The U.S. government redesignated North Korea as a state sponsor of terrorism Monday. The move, announced by President Trump during a brief photo op at a Cabinet meeting, was designed to put pressure on Pyongyang's nuclear weapons program.
“It should have happened a long time ago,” Trump told reporters. “It should have happened years ago.”
This isn't North Korea's first time on the list. The country was designated a state sponsor of terrorism in 1988 and stayed on the list until it was removed in 2008.
What is a state sponsor of terrorism?
Since 1979, the State Department has kept a list of countries that are alleged to have “repeatedly provided support for acts of international terrorism.” The designation results in a variety of unilateral sanctions, including a ban on arms-related exports and sales, prohibitions on economic assistance, and other punitive measures.
Exactly what makes a country a sponsor of terrorism is kept relatively vague: Joseph DeThomas, a former State Department official who focused on North Korea and Iran and is a professor of international affairs at Pennsylvania State University, has called it “more of an art than a science” and noted that “political and diplomatic context plays a considerable role in such designations.”
When first released in 1979, the list included only four nations: Libya, Iraq, South Yemen and Syria. Over the years, a number of countries have been added to the list and some removed. Until North Korea was added this week, only Iran, Syria and Sudan remained on the list.
Why was North Korea first added to the list in 1988?
Before 1988, North Korea was implicated in a number of international plots, including hijackings, abductions, bombings and assassination attempts.
However, it was the bombing of Korean Air Flight 858 in 1987 that sealed North Korea's place on the list of state sponsors of terrorism. In that attack, later linked to North Korean agents, a plane flying between Baghdad and Seoul was blown up over the Andaman Sea. All 115 people on board were killed.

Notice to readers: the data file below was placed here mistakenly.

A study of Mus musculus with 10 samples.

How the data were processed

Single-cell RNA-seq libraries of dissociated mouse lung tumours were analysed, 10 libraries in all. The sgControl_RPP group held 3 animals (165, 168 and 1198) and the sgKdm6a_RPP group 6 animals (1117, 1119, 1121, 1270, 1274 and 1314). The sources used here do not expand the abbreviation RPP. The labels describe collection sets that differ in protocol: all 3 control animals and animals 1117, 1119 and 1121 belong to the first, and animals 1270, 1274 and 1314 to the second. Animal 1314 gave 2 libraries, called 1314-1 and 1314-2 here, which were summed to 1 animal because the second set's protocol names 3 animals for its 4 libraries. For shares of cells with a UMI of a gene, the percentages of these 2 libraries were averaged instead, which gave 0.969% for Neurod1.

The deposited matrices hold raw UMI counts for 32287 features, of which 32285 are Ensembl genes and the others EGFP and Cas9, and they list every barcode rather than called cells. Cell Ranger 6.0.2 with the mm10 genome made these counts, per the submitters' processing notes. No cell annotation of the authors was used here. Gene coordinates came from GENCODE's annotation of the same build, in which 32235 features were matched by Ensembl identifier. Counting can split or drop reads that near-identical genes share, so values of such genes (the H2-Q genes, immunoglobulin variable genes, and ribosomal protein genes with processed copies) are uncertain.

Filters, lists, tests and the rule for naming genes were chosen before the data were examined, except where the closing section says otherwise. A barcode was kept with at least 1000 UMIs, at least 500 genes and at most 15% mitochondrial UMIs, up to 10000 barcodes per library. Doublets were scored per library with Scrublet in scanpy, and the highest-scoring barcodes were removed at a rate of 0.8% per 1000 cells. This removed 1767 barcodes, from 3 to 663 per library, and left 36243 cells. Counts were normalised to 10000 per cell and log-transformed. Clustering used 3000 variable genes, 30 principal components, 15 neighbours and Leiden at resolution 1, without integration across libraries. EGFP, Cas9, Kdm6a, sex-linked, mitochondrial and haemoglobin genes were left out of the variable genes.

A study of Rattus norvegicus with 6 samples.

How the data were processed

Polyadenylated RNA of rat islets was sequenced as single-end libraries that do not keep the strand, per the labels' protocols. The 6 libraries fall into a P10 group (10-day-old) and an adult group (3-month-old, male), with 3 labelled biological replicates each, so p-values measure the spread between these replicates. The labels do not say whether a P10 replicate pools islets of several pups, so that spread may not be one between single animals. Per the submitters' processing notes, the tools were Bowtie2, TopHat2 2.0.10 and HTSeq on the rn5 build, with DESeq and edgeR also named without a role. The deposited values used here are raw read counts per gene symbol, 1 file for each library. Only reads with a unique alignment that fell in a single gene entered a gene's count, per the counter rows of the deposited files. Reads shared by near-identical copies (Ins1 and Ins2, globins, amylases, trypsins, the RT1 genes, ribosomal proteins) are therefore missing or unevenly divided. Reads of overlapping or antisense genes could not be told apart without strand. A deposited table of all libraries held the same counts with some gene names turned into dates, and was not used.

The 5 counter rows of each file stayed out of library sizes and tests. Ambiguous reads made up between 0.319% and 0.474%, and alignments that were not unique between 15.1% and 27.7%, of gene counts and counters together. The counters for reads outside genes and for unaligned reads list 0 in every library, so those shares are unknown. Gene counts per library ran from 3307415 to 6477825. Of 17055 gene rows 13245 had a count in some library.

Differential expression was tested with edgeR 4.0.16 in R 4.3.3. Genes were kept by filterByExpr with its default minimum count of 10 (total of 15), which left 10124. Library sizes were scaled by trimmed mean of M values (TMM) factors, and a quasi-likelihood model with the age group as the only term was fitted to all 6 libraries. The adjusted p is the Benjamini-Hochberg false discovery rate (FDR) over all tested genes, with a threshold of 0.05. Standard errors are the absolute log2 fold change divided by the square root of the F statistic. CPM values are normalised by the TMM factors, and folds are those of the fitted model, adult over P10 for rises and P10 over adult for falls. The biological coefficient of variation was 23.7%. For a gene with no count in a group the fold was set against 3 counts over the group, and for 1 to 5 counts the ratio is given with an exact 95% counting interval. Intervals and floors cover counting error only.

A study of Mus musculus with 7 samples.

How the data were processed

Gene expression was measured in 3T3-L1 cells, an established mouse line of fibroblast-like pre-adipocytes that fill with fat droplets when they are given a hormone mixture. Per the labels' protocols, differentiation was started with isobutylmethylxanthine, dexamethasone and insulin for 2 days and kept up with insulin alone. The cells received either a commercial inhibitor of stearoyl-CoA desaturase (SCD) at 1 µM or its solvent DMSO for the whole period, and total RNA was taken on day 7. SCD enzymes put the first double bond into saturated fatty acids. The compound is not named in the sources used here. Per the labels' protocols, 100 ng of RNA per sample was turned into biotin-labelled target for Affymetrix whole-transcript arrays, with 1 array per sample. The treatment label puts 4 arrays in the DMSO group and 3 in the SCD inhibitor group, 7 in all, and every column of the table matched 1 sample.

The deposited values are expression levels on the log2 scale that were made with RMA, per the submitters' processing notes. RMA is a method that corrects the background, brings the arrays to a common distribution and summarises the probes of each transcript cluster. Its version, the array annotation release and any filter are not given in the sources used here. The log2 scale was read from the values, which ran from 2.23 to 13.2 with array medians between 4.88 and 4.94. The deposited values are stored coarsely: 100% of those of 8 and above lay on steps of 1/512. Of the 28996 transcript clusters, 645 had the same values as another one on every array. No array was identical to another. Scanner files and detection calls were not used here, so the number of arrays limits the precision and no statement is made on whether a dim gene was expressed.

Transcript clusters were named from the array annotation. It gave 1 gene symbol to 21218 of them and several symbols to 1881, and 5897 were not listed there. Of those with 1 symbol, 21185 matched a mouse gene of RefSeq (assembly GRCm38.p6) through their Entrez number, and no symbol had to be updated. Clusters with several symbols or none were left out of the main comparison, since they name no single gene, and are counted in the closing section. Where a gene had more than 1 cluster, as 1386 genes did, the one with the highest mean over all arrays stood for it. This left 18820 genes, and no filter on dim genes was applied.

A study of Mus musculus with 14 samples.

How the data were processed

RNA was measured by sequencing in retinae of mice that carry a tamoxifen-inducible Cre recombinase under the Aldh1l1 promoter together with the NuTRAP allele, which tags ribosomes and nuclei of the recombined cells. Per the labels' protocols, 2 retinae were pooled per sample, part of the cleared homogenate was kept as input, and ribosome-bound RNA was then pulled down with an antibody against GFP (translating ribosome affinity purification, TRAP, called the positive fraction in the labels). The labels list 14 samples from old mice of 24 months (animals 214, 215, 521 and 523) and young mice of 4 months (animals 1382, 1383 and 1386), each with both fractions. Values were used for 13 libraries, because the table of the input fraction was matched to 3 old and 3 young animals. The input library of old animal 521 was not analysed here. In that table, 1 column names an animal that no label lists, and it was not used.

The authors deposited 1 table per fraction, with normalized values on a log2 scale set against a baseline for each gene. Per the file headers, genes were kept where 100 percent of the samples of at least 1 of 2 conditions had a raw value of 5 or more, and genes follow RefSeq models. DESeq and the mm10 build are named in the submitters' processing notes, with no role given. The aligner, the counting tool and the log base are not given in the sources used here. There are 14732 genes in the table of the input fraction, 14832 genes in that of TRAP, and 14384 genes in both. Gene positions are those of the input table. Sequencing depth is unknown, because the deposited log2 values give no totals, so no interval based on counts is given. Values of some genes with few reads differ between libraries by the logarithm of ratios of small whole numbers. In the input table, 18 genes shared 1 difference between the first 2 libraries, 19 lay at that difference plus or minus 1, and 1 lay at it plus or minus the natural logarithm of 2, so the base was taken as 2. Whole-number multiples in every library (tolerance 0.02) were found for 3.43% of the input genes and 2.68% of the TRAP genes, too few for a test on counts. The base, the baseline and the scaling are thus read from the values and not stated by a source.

The bombing of Flight 858, as well as a 1983 attack in Rangoon, Burma, that killed 17 South Koreans and four Burmese that was linked to Kim Jong Il, prompted the Reagan administration to decide that North Korea should be added to the list.
Why was North Korea removed from the list in 2008?
Two decades after being designated a state sponsor of terrorism, North Korea was removed from the list in 2008 by the administration of President George W. Bush. It was a controversial move; then-Sen. Barack Obama was among those who supported it, calling the decision “an appropriate response.”
For a nation to be removed from the list of state sponsors, Bush had to certify to Congress that its government had either fundamentally changed its stance on providing support to terrorism, or had not provided support for international terrorism for six months and had given assurances to the United States that it would not support international terrorism in the future.
North Korea was able to meet those criteria relatively simply: The State Department's 2007 Country Reports on Terrorism noted that North Korea was not known to have sponsored any terrorist acts since 1987, and the U.S. government later announced that Pyongyang had issued “an authoritative and direct public statement affirming that it does not support international terrorism now and will not support international terrorism in the future.”
Another major important factor in the move to drop North Korea from the list was faltering talks over nuclear disarmament with Pyongyang that the Bush administration hoped could be salvaged by the delisting move. Notably, U.S. officials said North Korea had agreed to not restart the partially disabled Yongbyon nuclear reactor, which had been producing fissile material for weapons tests.
Why is the Trump administration redesignating North Korea as a state sponsor of terrorism?
The 2008 decision to delist North Korea has long divided experts, some of whom have called for the country to be redesignated.
One key bone of contention is whether North Korea has committed acts of terrorism in recent years. For example, in 2015, Joshua Stanton wrote a report for the Committee for Human Rights in North Korea arguing that although it was commonly thought that North Korea had not been directly linked to high-profile terrorism plots since 1987, Pyongyang had been actively involved in suspected arms transfers to terrorists as well as other threats and assassination plots that met the legal definitions of “international terrorism” and terrorism “support.”
These arguments were bolstered in recent years by the alleged hack of Sony Pictures in 2014 and the assassination of Kim Jong Nam, half brother to North Korean leader Kim Jong Un, in 2017 — the latter of which was called an “act of terrorism” by South Korea soon afterward.
There is also widespread frustration that the detente the Bush administration sought in 2008 amounted to little. In fact, North Korea conducted its second nuclear weapon test less than a year after it was removed from the list. It also has repeatedly claimed that it will reopen the Yongbyon reactor.